Ransomware feared in Octapharma Plasma’s US-wide shutdown

US-based human plasma collector, tester, and supplier Octapharma Plasma may have been experiencing a ransomware attack pushing the company into operational shutdown, according to a report by The Register.

An unnamed source familiar with the situation reportedly said that Octapharma Plasma fell victim to a BlackSuit ransomware infection on Monday, disrupting operations for its US-based operations.

“All centers are experiencing network issues and are currently closed,” Octa said through a message displayed on its website. “Further updates on reopening will be sent via email, social media, OctaApp, and our website”.

The attack may have a global impact

Octapharma operates a little over 150 blood plasma donation centers across America, all disrupted in the alleged attack. The company employs about 3500 people. Octapharma Group, the parent company based in Germany reported revenue of €3.26 billion for 2023, from operations across 118 countries.

The disruption from the attack, if not contained, will possibly affect Octa’s operations globally, especially its European supplies, according to the source.

“If they don’t restore the systems, they will need to close their factories in Europe as more than 75 percent of their plasma comes from the US,” the source told The Register. “IT management don’t give a s*** about security and they are now learning a lesson.”

BlackSuit hackers are said to have exploited VMware systems to gain entry into OctaPharma before deploying the ransomware.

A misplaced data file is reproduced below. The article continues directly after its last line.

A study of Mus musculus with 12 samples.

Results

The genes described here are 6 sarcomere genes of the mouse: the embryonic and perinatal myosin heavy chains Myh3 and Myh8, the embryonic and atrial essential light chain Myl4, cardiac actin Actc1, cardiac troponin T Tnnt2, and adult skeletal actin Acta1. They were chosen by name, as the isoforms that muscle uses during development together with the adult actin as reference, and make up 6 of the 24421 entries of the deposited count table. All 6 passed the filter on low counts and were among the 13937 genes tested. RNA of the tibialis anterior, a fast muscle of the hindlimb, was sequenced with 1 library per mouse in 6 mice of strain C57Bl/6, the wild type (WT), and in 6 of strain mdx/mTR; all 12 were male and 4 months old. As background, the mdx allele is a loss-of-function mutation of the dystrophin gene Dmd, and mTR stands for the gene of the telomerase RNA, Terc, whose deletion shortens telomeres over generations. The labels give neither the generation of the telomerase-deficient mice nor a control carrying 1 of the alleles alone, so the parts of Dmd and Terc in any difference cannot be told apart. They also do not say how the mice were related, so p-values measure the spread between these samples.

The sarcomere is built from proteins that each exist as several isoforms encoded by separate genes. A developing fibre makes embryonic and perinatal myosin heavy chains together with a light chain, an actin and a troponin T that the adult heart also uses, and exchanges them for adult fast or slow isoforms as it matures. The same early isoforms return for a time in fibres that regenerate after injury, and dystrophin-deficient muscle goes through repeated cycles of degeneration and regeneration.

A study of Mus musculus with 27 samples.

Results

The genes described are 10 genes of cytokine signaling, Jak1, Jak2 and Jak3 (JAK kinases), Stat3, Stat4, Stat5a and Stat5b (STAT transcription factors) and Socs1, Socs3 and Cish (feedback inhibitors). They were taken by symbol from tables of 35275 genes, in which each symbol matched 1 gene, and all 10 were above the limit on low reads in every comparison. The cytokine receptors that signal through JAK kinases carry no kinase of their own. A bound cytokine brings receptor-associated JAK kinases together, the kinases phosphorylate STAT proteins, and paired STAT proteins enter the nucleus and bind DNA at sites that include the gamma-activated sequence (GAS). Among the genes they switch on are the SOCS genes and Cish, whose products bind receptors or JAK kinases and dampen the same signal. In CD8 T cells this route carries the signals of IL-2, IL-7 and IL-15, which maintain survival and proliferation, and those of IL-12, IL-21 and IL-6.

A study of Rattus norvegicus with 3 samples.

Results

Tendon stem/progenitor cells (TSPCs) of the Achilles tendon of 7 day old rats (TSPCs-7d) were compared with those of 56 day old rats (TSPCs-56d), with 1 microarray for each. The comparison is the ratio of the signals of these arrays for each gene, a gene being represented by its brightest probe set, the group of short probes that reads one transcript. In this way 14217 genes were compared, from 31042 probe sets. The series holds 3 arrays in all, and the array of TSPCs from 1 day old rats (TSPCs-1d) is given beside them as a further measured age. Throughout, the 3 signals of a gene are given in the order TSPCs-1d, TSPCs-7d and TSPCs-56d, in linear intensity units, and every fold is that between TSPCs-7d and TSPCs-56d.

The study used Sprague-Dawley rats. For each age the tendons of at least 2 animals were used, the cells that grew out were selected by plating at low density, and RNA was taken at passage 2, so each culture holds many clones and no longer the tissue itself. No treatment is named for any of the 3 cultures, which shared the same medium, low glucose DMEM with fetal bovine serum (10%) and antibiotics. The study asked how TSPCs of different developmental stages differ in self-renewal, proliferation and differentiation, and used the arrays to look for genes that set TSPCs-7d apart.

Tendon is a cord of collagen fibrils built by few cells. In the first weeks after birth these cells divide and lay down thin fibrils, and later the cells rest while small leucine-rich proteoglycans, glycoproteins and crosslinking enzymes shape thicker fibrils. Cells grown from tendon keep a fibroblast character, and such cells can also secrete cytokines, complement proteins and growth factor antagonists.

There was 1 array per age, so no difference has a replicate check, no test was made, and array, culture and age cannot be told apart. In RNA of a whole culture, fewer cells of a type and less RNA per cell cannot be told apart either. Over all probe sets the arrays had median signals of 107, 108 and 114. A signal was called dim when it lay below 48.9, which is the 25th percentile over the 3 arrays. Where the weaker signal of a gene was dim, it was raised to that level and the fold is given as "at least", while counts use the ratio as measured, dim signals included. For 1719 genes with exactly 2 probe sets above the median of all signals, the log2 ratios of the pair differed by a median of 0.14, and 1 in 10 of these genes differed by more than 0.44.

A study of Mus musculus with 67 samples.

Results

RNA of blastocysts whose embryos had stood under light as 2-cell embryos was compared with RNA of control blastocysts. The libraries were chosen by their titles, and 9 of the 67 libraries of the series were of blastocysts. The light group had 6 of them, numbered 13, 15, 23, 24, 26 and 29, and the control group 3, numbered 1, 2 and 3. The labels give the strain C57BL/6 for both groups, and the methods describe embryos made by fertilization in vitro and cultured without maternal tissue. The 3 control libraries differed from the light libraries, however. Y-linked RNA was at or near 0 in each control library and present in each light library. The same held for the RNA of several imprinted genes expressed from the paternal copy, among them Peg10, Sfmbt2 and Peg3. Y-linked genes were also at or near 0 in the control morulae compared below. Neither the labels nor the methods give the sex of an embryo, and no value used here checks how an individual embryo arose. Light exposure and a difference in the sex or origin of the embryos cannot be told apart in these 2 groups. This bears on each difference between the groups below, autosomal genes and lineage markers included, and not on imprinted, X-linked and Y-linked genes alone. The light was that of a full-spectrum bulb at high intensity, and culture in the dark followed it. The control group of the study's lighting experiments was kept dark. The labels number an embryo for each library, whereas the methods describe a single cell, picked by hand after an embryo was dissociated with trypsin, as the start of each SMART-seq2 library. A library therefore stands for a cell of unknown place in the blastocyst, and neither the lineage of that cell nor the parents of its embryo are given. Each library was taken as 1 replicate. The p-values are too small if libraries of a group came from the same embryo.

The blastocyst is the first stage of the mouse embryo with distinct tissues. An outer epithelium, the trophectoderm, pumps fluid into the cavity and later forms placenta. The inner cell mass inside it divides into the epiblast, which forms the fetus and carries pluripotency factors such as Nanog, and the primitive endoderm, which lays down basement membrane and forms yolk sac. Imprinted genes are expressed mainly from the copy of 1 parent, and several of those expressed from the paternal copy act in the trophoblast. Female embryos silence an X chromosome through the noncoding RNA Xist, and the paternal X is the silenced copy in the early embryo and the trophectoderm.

BlackSuit is known for healthcare-targeting

With earliest traces in May 2023, Blacklist quickly raised concerns because of the group’s striking similarities with Royal ransomware, which itself was a direct successor of the Russian-linked Conti.

More specifically, the group was alerted against its specific targeting of the healthcare systems in the US. In November 2023, the group claimed responsibility for the breach of schools in Central Georgia. Earlier, the group also targeted the Tampa Bay Zoo.

The US Department of Health & Human Services’ Health Sector Cybersecurity Coordination Center (HC3), in the advisory against BlackSuit, pointed out the group’s use of the double extortion method.

“The most recent suspected attack, in October 2023, was against a U.S.-based HPH organization whose servers and systems were encrypted with malware, tentatively identified as BlackSuit,” HC3 had said. Apart from healthcare, the group is believed to be targeting manufacturing, business technology, business retail, and government sectors, across the US, Canada, Brazil, and the UK.